Cite as: 539 U. S. 69 (2003)
Opinion of the Court
Although the Government concedes that the panel of the Court of Appeals was improperly constituted, it advances three grounds on which the judgments below may rest undisturbed. Two of the grounds on which we are urged to affirm concern petitioners' failure to object to the panel's composition in the Court of Appeals. Relying on the so-called "de facto officer" doctrine, the Government contends petitioners' failure to challenge the panel's composition at the earliest practicable moment completely forecloses relief in this Court. The Government also contends that petitioners do not meet the requirements for relief under plain-error review. The presence of a quorum of two otherwise-qualified judges on the Court of Appeals panel is invoked as the third ground sufficient to support the decision below. We do not find these contentions persuasive.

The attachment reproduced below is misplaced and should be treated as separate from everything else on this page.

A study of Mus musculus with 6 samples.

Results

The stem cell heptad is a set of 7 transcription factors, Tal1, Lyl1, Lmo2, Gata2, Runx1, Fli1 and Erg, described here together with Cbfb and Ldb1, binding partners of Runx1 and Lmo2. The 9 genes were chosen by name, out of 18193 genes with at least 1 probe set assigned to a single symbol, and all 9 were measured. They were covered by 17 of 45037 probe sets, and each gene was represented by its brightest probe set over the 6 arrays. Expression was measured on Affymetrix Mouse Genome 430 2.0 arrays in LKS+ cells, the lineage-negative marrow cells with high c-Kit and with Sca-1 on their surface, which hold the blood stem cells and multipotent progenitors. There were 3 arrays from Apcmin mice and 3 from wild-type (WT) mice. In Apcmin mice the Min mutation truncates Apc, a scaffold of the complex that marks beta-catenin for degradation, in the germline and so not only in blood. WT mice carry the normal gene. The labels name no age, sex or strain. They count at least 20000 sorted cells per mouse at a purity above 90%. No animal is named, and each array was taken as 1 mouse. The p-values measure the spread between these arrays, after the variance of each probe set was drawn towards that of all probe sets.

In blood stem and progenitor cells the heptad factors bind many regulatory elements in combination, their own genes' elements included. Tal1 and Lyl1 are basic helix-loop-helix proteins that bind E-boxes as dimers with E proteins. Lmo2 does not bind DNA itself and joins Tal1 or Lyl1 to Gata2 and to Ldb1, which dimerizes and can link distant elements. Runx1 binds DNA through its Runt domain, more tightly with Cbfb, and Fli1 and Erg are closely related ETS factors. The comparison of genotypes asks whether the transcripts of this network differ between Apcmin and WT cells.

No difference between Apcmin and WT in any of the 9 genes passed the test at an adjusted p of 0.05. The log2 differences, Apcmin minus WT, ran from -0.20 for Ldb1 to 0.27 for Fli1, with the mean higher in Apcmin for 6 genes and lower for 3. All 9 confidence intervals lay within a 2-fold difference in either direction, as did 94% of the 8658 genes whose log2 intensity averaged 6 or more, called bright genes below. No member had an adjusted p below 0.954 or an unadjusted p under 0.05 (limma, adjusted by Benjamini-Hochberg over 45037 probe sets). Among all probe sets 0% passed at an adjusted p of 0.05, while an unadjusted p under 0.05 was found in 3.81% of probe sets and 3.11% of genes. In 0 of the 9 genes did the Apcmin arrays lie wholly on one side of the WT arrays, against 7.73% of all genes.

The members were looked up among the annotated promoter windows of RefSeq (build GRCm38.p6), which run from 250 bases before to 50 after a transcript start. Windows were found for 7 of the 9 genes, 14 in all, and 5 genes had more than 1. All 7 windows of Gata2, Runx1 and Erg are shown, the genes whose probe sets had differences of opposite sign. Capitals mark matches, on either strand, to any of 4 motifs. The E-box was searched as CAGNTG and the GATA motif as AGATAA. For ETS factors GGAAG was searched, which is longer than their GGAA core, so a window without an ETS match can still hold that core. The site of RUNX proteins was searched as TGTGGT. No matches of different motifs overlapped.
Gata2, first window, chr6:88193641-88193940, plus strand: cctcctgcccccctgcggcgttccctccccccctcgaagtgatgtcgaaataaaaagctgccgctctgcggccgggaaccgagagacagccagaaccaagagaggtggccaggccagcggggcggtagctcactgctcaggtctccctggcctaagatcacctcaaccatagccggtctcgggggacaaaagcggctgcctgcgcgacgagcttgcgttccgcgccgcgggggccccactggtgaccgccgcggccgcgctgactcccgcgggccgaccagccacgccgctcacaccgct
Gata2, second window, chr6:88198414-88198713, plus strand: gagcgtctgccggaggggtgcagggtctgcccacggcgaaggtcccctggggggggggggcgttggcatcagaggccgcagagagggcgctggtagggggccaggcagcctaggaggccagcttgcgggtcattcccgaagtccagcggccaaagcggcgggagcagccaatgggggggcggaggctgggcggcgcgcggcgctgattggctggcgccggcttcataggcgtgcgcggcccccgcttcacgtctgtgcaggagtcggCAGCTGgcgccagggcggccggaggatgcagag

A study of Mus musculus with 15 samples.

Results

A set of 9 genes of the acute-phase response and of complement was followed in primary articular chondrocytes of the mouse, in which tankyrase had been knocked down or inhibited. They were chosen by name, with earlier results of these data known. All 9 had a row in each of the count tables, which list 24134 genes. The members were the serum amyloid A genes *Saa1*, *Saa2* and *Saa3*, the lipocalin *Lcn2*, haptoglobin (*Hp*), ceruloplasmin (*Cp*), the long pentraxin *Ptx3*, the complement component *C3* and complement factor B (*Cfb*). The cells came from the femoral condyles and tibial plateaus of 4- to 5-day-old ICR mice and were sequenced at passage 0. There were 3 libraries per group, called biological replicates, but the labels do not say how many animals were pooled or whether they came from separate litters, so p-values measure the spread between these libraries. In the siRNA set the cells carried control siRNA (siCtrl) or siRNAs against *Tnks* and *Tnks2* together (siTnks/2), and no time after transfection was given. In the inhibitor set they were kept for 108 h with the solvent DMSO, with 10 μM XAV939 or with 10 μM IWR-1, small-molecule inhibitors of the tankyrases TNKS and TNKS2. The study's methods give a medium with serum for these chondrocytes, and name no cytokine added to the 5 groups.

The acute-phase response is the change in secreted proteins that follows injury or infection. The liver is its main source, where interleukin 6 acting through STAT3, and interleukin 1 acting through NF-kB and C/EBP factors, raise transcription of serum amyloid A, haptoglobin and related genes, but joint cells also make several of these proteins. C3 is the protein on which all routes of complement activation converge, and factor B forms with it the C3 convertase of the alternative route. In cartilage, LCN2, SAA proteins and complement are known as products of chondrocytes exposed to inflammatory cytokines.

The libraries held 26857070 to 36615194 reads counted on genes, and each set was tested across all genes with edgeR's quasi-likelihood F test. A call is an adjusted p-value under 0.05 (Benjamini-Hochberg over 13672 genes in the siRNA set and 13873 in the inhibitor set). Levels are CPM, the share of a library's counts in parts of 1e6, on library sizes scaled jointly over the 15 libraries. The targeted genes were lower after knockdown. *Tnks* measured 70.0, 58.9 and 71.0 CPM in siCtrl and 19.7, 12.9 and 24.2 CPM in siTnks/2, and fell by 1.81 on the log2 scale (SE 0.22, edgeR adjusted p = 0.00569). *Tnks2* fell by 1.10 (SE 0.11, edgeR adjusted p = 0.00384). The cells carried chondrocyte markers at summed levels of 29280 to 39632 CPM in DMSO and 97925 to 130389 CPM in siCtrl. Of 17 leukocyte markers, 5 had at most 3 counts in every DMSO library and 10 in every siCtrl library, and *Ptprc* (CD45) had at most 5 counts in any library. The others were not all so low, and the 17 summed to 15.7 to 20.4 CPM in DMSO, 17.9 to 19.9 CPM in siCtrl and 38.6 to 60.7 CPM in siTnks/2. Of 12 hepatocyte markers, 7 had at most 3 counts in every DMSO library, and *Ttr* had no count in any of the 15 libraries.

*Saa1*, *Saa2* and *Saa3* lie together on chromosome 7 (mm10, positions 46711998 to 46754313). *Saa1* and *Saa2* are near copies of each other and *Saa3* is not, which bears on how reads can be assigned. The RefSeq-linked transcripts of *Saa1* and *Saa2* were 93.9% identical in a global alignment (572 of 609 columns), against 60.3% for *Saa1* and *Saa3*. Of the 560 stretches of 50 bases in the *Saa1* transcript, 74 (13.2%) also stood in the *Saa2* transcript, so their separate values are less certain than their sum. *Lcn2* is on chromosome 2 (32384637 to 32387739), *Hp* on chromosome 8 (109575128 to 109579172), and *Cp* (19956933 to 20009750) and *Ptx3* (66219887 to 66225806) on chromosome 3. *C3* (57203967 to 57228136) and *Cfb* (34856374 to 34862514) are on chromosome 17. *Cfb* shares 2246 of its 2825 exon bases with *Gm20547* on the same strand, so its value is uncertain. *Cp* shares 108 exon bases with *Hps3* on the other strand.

The de facto officer doctrine, we have explained, "confers validity upon acts performed by a person acting under the color of official title even though it is later discovered that the legality of that person's appointment or election to office is deficient." Ryder v. United States, 515 U. S. 177, 180 (1995). Whatever the force of the de facto officer doctrine in other circumstances, an examination of our precedents concerning alleged irregularities in the assignment of judges does not compel us to apply it in these cases.
Typically, we have found a judge's actions to be valid de facto when there is a "merely technical" defect of statutory authority. Glidden Co. v. Zdanok, 370 U. S. 530, 535 (1962) (plurality opinion of Harlan, J.). In McDowell v. United States, 159 U. S. 596, 601-602 (1895), for example, the Court declined to notice alleged irregularities in a Circuit Judge's designation of a District Judge for temporary service in another district. See also Ball v. United States, 140 U. S. 118,
tion. We find it unnecessary to discuss the constitutional questions because the statutory violation is clear.